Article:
Don’t Take My Kodachrome Away — A Review of Fred Herzog: Modern Color

One of the things that strikes a viewer almost immediately when presented with an array of Fred Herzog’s photographs is the pop of “Kodachrome red” that appears in almost every image. Whether in the tights of a young girl and the nearby skirt of an older woman in Red Stockings (1961), or in the signage of Empty Barber Shop (1966), or in a painted billboard for Buckingham cigarettes in Elysium Cleaners (1958), Herzog includes the hue in the large majority of his photographs. “Kodachrome red, available only in slides, was his muse,” writer and critic Sarah Milroy has said, “and many of his best works are anchored in this primary hue.”

Fred Herzog, Red Stockings, 1961. © Fred Herzog, Courtesy Equinox Gallery


In the new book, Fred Herzog: Modern Color, the photographer’s masterful use of colour is on full display. A quintessential mid-20th-century street photographer, Herzog captures daylit streets crammed with shop signs and people. At night, the neon lights of a gloriously gaudy Vancouver float in the darkness like fireflies in pitch. Open lots with wrecked and decaying automobiles sit cheek by jowl with down-at-heel businesses on forgotten street corners. Industrial sites acquire strange beauty in their very ugliness — informed by the knowledge that they, too, are relics of an age before towering skyscrapers and condo canyons.

Born in Germany in 1930, Herzog came to Canada in 1952, arriving in Montreal by ship before boarding a train to Toronto. He had taken up photography as a teen in Germany, and continued to take pictures while holding down a variety of jobs in Canada, including work on a cargo ship. Eventually he found his way to Vancouver, where he was a medical photographer by day, and a street photographer by night.

Photographing with his Leica 35 mm camera, Herzog began in black-and-white. Today, however, he has become so closely associated with colour that coming across one of his black-and-white images is as disorienting as stumbling across a Walker Evans photograph in colour. The dozen or so black-and-white Herzog images included in the book — including Toronto, Centre Island (1952) and Man in Bookshop (1958) — feature the same pared-down aesthetic and reportage as his colour work, although it is evident that he “saw” more clearly in Kodachrome.

Fred Herzog, Self-Portrait, 1959. © Fred Herzog, Courtesy Equinox Gallery


There have been many comparisons between Herzog and photographers such as Walker Evans, Robert Frank, Eugène Atget, Helen Levitt and Henri Cartier-Bresson. However, there is evidence to suggest that, while he was an admirer of Evans, Herzog was not particularly interested in aping anyone, but simply photographed what caught his eye.

In fact, as David Campany suggests in his essay, “Of Time and Place,” Herzog may have been most influenced by works of literature that abounded in “vivid character sketches and powerful vignettes of the social and economic churn of modern life. He wondered if there could be a photographic equivalent to this...”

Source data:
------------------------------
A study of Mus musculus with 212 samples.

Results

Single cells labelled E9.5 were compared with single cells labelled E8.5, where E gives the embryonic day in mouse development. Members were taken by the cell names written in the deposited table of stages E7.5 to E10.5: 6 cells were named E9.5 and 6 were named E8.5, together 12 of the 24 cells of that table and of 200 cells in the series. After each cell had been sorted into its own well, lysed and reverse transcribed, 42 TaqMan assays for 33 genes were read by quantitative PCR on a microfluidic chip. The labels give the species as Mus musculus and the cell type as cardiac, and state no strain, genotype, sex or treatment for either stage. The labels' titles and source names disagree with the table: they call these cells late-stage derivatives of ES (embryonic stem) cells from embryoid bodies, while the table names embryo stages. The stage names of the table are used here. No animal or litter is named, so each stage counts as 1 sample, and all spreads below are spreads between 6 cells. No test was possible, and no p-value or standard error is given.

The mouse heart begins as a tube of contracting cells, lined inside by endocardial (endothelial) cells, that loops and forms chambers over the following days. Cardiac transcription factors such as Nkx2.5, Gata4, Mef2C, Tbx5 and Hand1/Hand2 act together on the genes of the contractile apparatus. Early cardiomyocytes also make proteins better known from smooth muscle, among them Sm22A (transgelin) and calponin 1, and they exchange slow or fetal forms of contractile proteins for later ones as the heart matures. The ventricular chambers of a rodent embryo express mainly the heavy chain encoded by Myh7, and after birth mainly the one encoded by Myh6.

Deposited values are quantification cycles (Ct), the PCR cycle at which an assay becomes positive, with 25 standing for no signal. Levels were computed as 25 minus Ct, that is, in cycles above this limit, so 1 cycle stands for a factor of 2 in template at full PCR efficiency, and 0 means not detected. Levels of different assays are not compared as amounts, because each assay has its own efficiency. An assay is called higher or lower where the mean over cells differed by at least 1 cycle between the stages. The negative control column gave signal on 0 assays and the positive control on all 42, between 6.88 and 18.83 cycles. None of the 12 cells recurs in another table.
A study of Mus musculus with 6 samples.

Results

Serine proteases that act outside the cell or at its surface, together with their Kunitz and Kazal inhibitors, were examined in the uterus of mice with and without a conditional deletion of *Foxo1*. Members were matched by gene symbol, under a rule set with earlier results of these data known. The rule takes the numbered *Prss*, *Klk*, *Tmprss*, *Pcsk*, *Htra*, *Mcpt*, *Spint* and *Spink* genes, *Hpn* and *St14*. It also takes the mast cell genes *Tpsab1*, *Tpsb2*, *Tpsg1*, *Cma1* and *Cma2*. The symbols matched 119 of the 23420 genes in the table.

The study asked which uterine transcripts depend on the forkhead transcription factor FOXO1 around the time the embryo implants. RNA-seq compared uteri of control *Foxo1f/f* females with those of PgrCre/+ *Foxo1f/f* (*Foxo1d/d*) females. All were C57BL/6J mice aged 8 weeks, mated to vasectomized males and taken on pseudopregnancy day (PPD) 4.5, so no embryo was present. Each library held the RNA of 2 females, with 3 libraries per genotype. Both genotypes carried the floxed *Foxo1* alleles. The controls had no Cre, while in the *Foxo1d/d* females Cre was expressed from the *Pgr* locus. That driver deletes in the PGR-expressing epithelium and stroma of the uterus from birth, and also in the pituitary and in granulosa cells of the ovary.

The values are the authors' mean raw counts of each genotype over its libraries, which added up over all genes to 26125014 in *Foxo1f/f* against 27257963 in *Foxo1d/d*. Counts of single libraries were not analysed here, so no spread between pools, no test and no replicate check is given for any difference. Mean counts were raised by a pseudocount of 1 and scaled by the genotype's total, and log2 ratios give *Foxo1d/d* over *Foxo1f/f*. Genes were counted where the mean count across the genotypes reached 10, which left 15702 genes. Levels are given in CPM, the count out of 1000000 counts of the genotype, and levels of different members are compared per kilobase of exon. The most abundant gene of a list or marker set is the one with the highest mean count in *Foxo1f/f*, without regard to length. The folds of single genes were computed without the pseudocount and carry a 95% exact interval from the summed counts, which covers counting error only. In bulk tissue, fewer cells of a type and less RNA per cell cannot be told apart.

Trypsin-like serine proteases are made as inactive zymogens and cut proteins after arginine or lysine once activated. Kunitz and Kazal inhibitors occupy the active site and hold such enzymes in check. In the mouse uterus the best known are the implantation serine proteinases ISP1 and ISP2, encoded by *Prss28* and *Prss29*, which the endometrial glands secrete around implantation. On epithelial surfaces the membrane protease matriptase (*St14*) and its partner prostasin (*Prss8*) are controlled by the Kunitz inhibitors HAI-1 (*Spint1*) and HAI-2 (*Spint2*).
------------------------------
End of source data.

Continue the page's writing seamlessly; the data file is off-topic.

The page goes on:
The photographs included in the book are a delight, featuring a thoughtful selection from a body of work that numbers more than 100,000 images. In addition to well-known pictures such as Man with a Bandage (1968) and Flaneur, Granville (1960), the book also features a number of outstanding, but perhaps lesser-known, images from Herzog’s travels to countries such as Guatemala and Malaysia. It is also a strikingly beautiful book, the meticulously reproduced plates all full-page or larger. For anyone with an interest in street photography — particularly the less-conventional colour variety — this is definitely a must-have.

Fred Herzog, Flâneur, Granville, 1960, Ink jet print, 96.6 x 70.6 cm; image: 76.4 x 50.2 cm. CMCP Collection, National Gallery of Canada, Ottawa.  © Fred Herzog, Courtesy Equinox Gallery.  Photo : NGC


One of the most touching and thought-provoking things about Herzog’s photographs is his elegiac depiction of a lost era. The people he has captured appear innocent of the qualities we associate with today’s big cities. The streetscapes are either gently amusing or sweetly sad. A black man in his Sunday best walks down a late-afternoon street, hand-in-hand with a little girl in Black Man, Pender (1958). A well-dressed but melancholy young woman gazes through the window of a shabby storefront in Bargain Shop (1962). This is what my city was once like, the images seem to say. This is the essence of the city I love.

In his essay “Vancouver Appearing and Not Appearing in Fred Herzog’s Photographs,” Canadian photographer Jeff Wall writes, “I don’t think we can have a photographer like Fred Herzog [in Vancouver] now. . . . [The] problem is that those objects of his affection no longer exist. Or if they do exist, they are just vestiges of what they were in 1957 or 1961, when he captured them perfectly.”

One of the best descriptions of Herzog’s life and work may come from author-journalist Hans-Michæl Kœtzle. In his essay, “‘I wanted to show the world the way it is’: Remarks on the Color Photography Oeuvre of the Canadian Fred Herzog,” he writes, “Herzog is a documentarian with personal concerns, a chronicler with artistic demands, a daily flâneur on the search for a world in equilibrium.”


Fred Herzog: Modern Color, with essays by David Campany, Hans-Michæl Kœtzle and Jeff Wall, was published by Hatje Cantz Verlag and Vancouver’s Equinox Gallery in 2017, and is available from the NGC Boutique.